For Dickey, reflection upon the saints is an act of memento mori (remember your death). Classically memento mori is represented in art by a man or woman contemplating a human skull. Dickey writes, "The tradition of memento mori is self-reflexive: One is meant to meditate not on the death of the skull's owner but on one's own death--the skull before the viewer is always and only the viewer's skull." This is the posture we have before the saints. The death they provide is their own, often self-inflicted, destruction of their desires and bodies. But the focus always slips away from them and back to us.
the stories of the saints aren't complicated by human desires and ambitions. Much like a human skull is cleaned and dried in the sun for months before it can be used in memento mori, the saints are given to us petrified, purified by hagiography (writing abut the lives of saints). Dickey tells us that "in hagiography, the story is written to tell us not the facts about that person's life but rather how that person's life exemplifies the glory of God. The true protagonist is always just offstage, in His heaven."
The saints stand before us apocalyptically. They reveal their mysteries by "push[ing] what it means to be human to the breaking point, and then beyond." For Dickey the saints magnify the mysteries of faith:
what has repeatedly struck me is how far [the saints] seem to deviate from what most of us understand to be orthodoxy -- there are saints who murder, saints who gouged out their own eyes and hold them out for inspection, saints who minister to the petty and the bizarre and the maligned. Put another way, the history of these saints helps enlarge our concept of faith.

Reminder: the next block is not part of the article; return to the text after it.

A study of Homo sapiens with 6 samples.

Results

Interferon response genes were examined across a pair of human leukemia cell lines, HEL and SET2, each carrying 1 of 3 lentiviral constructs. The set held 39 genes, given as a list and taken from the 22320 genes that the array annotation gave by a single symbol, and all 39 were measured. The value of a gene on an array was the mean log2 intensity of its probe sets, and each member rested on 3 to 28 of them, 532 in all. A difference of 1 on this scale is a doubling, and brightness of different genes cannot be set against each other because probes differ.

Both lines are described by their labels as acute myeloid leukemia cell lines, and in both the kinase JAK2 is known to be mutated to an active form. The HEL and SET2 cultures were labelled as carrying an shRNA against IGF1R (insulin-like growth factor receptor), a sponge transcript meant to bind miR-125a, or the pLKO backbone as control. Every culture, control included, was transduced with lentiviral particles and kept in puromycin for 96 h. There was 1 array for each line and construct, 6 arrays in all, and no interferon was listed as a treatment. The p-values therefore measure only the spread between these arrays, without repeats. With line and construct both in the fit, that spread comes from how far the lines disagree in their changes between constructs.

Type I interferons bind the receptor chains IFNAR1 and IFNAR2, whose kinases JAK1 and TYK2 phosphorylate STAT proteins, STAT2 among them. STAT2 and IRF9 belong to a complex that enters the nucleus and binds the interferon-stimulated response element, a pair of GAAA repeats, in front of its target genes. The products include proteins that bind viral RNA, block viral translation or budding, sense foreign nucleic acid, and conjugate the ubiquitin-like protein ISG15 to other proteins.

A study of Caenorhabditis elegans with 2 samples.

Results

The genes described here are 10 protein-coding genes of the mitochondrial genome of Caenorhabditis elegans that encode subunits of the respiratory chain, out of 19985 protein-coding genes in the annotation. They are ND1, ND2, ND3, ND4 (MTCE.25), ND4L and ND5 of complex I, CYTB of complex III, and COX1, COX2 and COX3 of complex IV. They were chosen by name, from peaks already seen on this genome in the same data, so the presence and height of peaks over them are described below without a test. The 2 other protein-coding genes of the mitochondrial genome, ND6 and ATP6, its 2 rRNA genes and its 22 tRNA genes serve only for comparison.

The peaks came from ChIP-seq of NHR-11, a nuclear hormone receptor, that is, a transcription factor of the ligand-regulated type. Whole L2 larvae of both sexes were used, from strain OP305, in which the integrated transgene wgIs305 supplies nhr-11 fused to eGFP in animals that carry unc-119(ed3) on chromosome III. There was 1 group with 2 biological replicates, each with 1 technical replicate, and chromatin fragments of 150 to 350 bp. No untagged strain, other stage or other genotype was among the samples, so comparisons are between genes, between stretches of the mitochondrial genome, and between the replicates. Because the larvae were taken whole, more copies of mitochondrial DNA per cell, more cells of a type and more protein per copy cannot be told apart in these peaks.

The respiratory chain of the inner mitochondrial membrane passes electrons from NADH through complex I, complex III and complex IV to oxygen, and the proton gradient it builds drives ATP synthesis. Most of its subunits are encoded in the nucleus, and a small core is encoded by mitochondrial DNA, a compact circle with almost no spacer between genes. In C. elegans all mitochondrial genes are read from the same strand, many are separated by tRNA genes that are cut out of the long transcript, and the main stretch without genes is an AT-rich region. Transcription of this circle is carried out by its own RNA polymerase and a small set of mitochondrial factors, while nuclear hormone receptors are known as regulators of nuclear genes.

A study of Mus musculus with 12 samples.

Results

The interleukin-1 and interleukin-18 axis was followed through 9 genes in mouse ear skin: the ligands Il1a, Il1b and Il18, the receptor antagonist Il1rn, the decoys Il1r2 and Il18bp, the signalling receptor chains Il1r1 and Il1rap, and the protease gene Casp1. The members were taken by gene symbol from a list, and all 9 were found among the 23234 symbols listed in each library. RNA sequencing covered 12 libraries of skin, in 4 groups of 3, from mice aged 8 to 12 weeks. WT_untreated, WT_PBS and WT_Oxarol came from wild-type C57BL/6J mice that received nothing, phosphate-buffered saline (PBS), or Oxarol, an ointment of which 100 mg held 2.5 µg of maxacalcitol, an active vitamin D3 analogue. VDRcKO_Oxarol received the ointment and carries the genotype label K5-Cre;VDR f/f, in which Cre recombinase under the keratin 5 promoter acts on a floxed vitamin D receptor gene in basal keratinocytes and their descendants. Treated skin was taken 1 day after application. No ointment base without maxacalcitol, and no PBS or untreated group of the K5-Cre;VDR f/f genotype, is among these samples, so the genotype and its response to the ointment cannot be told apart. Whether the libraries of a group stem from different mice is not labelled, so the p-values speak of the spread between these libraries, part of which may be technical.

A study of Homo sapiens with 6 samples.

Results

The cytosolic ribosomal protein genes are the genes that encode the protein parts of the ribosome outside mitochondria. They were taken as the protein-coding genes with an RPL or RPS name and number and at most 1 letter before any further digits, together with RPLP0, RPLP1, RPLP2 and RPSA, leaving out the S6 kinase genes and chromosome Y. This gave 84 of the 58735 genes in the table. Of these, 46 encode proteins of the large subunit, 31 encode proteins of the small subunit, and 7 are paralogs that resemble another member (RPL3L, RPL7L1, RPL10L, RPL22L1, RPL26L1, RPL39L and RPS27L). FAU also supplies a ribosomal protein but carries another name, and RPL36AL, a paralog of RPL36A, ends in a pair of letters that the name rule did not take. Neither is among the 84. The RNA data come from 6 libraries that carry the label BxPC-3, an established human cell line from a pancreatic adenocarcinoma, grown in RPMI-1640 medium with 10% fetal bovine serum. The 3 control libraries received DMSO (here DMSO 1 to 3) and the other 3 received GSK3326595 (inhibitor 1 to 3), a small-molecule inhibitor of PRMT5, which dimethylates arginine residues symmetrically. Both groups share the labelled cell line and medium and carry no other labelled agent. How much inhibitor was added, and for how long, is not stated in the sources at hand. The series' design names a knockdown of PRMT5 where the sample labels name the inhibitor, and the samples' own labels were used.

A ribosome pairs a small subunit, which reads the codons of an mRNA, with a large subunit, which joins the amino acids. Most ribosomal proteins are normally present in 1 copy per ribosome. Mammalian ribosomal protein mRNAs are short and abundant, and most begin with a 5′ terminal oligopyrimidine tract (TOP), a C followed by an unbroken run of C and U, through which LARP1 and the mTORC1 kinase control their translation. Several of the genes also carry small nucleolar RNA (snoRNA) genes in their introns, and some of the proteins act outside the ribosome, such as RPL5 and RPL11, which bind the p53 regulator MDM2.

Dickey follows the stories of the saints long beyond their death and inspects how they have haunted us through the centuries. In some cases, like the connection Dickey makes between St. Jerome and Borge's "Library of Babel", the haunting is autobiographical. More often the haunting is historical as Dickey shows in Flaubert's obsession with St. Anthony. (The story of Flaubert reading his 500 page bio-epic of St. Anthony to his friends over four days only to have them say he should burn the whole thing and never mention it again is laugh-out-loud funny.) Dickey's account of St. George (of dragon slaying fame) as a saint who has been adopted by both Christians and Muslims exemplifies the enlarging work that the saints provide. That St. George was once a part of Medieval propaganda encouraging Christian Crusaders has done nothing to temper his popularity with Muslims.
Like the man meditating upon a human skull, what we gain from the saints is not a easily digestible axiom about how to live 'good' lives but a moral gravity that grounds our feet for spiritual pilgrimage. Dickey tells us, "It is easy enough to say that one believes or doesn't believe in the saints. It is harder to say how one believes, or how one comes to no longer believe, in a saint." Here we finally return to The Desert Fathers. The fathers speak to us from an age where martyrdom was desired but not available. So they inflicted a martyrdom of asceticism upon themselves. This shocking example reminds us that it is not if but how we believe in God that is the hardest question in the life of faith.
I received a free copy of this in exchange for a review on LibraryThing.